Looking at the history of tragic times often reveals that many - or most - of the people of those times were often preoccupied with things that look trivial, or even pathetic, in view of the catastrophe looming over them. Will later generations looking back at our times see a similar blindness, and even frivolousness, in the face of mortal dangers?
Terrorists and terrorist governments give us almost daily evidence of their fanatical hatred and violent sadism as the clock ticks away toward their gaining possession of nuclear weapons. They not only hold a harmless young woman hostage in Iraq, they parade her in tears on television, just as they have paraded not only the terrorizing but even the beheading of others on television.
Moreover, there is a large and gleeful audience in the Arab world for these gross brutalities, just as there was glee and cheering among the Palestinians when the televised destruction of the World Trade Center was broadcast in the Middle East.
Yet what are we preoccupied with or outraged about? Whether the U.S. government should intercept the phone calls of these cutthroats to people in the United States.
That question has been sanitized in the mainstream media by asking whether the government should be engaged in "domestic wiretapping," just as the terrorists themselves have been sanitized into "militants" or "insurgents."
The way the question is posed by many in the media and in politics, you would think our intelligence agencies were listening in on you talking on the phone to your Aunt Mabel.
Be serious! There are more than a quarter of a billion people in the United States. Intelligence agencies don't have the manpower, the time, the money or the interest to listen in on you and your Aunt Mabel.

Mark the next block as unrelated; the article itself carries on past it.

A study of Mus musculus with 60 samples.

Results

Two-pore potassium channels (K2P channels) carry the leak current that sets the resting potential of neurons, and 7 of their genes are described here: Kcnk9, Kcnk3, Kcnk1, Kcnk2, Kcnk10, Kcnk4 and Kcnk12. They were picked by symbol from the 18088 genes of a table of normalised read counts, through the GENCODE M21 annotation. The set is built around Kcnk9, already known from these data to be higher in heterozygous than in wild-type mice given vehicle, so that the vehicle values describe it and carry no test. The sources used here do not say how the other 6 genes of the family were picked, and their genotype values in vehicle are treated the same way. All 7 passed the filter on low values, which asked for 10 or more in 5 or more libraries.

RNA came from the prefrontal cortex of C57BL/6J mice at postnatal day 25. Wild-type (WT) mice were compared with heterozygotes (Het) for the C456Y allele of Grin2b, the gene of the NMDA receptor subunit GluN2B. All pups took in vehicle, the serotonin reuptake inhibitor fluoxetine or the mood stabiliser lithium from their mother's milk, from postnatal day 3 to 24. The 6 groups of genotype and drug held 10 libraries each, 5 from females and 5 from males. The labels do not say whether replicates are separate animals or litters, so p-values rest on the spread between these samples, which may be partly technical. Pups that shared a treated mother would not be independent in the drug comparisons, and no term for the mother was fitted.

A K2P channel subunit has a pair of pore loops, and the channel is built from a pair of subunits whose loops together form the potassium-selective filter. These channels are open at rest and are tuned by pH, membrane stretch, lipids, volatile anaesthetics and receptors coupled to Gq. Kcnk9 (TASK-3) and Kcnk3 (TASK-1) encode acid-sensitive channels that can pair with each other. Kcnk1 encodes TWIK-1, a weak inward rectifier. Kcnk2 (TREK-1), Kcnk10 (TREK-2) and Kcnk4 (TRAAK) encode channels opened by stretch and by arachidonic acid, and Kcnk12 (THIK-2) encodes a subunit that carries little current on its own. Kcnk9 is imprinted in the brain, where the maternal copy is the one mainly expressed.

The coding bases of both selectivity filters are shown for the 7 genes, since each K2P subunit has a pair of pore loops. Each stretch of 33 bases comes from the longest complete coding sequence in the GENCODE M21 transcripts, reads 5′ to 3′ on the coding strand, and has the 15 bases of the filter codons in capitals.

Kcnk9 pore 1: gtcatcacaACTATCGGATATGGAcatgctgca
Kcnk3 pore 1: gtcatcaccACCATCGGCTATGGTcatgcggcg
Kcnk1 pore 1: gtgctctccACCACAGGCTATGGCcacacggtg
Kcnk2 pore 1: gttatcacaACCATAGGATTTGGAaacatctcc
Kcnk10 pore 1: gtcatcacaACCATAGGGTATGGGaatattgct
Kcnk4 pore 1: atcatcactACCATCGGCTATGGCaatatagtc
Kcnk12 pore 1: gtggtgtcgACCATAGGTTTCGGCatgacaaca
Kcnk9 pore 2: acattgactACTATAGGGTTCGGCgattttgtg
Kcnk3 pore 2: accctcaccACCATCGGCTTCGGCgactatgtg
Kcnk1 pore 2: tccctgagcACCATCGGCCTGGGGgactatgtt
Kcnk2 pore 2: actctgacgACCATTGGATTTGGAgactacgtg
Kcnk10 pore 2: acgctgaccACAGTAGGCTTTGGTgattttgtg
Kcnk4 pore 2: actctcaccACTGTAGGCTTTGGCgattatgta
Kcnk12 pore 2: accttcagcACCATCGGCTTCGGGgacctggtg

Lawyers may differ on fine legal points about the constitutional powers of the commander in chief during wartime vs. the oversight powers of the courts. But a Supreme Court justice once pointed out that the Constitution of the United States is not a suicide pact.
The Constitution was meant for us to live under, not be paralyzed by, in the face of death.
When some honcho in the international terrorist network is captured in Afghanistan or Iraq, and the phone numbers in his computer are found by his American captors, it is only a matter of time before his capture becomes news broadcast around the world.
Before that happens, his contacts within the United States may continue to use the phones they have been using. Listening in on their conversations during that brief window of opportunity can provide valuable information on enemies within our midst who are dedicated to our destruction.
Precious time can be wasted filing legalistic documents to get some judge's permission to tap the domestic terrorists' phones before CBS or CNN broadcasts the news of the captured terrorist leader overseas and the domestic terrorists stop using the phones that they had used before to speak with him.
With Iran advancing step by step toward nuclear weapons while the Europeans wring their hands and the United Nations engages in leisurely discussion, this squeamishness about tapping terrorists' phone contacts in the United States is grotesque.
Has anyone been paying attention to the audacity of the terrorists? Some in the media seem mildly amused that Palestinian terrorists are threatening Denmark because of editorial cartoons that they found offensive.
In the 1930s, some people were amused by Adolf Hitler, whose ideas were indeed ridiculous, but by no means funny.
This was not the first threat against a Western country for exercising freedom in a way that the Islamic fanatics did not like. Osama bin Laden threatened the United States on the eve of our 2004 elections if we didn't vote the way he wanted.
When he has nuclear weapons, such threats cannot be ignored, when the choice is between knuckling under or seeing American cities blasted off the face of the earth. That is the point of no return - and we are drifting toward it, chattering away about legalisms and politics.
Thomas Sowell is a senior fellow at the Hoover Institution at Stanford University. His syndicated column appears Thursdays in The Sun. His e-mail is firstname.lastname@example.org.